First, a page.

This isn’t the first writers’ strike Hollywood has seen, and it is an unfortunate pattern observed in history
We’ve heard rumblings of the first wave of writers’ strike earlier in the year, but how did it culminate in the recent nationwide halt of major productions, with potential side effects on the Oscar and Emmy awards cycle? To get a better frame of the events that led up to it, we retrace Hollywood‘s steps in the matter.
While the picketing across 12 locations in Los Angeles and New York seems momentous, this strike bears greater historical significance in marking the first time actors join the cause since 1960s. Most notably, the heavyweight cast of Oppenheimer leaving the premiere early in solidarity—with the film’s director, Christopher Nolan expressing his support of the movement. Fellow summer box office hit Barbie was no different with Margot Robbie, Ryan Gosling and Greta Gerwig sharing the same sentiment.
What the strike is about
It’s easy to assume that motivations behind the strike centre around pay, which may be one of the factors in this particular case, but a bigger ‘why’ stems from the rise in streaming business models. Not only do residual payments get cut, employment protections are liable to change. Accompanied by the lack of guardrails concerning the use of artificial intelligence, both writers and actors are placed in a vulnerable situation. Now Black Mirror‘s Joan is Awful doesn’t seem that far removed from reality.
Following 11,000 WGA (Writer’s Guild of America) members walking off set in May, 160,000 performers from SAG-AFTRA (Screen Actors Guild-American Federation of Television and Radio Artists) add to the tally last week. Proposals to regulate AI and other negotiations with AMPTP (Alliance of Motion Picture and Television Producers) have been inconclusive. As major studios including Paramount, Warner, Amazon, Netflix, and Disney are inadvertently impacted, movies are already seeing delays in release dates. Though fan-favourites such as Deadpool 3 are among the list, Broadway and shows like Game of Thrones prequel House of Dragon continue as they operate under separate unions.
Not vastly different from the current one, the previous strike was spurred by the writers’ revenue share of media distribution on the internet, via online streaming and digital downloads. It lasted 100 days, bleeding into the following year and causing networks to plug prime time programming holes. The estimated damage on the Californian economy was US$2 billion. New contracts were eventually signed.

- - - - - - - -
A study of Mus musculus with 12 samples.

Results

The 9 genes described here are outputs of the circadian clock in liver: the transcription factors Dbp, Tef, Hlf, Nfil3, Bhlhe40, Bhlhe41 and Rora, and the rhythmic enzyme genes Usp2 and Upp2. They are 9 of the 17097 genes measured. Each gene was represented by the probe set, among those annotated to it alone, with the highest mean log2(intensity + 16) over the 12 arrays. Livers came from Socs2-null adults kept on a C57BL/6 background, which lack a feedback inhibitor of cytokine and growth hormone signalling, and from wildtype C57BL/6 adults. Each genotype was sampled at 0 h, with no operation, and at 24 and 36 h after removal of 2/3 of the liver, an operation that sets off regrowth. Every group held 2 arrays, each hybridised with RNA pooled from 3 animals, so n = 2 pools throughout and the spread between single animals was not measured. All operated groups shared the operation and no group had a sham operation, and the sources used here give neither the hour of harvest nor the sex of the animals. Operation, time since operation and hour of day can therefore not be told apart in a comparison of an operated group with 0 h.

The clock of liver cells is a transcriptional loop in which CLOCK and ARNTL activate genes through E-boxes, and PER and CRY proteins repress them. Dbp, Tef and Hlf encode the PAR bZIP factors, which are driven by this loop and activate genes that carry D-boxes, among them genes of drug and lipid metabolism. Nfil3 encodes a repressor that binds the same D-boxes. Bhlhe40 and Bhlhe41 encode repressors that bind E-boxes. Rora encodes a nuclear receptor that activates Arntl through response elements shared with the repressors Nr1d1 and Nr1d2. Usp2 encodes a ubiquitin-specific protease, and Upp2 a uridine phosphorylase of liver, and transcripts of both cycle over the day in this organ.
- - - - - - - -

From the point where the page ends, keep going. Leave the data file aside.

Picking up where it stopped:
Here, WGA sought better residual payments for writers in compensation for work shown on cable and pay television. The strike lasted for 22 weeks and caused widespread disruption in the industry. New contracts increased minimum pay and stipulated reworked formulas for residual calculation.
As the emerging home video market was posing a threat then, the three-month strike revolved around writers’ profit share. It similarly delayed television season and resulted in a contract guaranteeing a share of producer revenues; which while pioneering, did not fully achieving the writers’ goal.
Due to disagreements between WGA and AMPTP over payment for television, movie and video cassette residuals, this strike lasted for nearly four months but won salary hikes.
Lasting a whopping 151 days, the main demand was royalties from television and film reruns and syndication. This landmark event led to substantial changes in the industry, laying the groundwork for subsequent strikes and the standard practice of residuals systems.
The Screen Writers Guild, a WGA predecessor, and the Authors League of America led a strike for a deal that defines pay scales based on overall earnings and retains script ownership rights amidst an evolving landscape of remakes and sequels. After 14 weeks, writers were given unprecedented ownership over their material but were restricted to conceding to a flat-fee as opposed to a percentage adjusted by project success.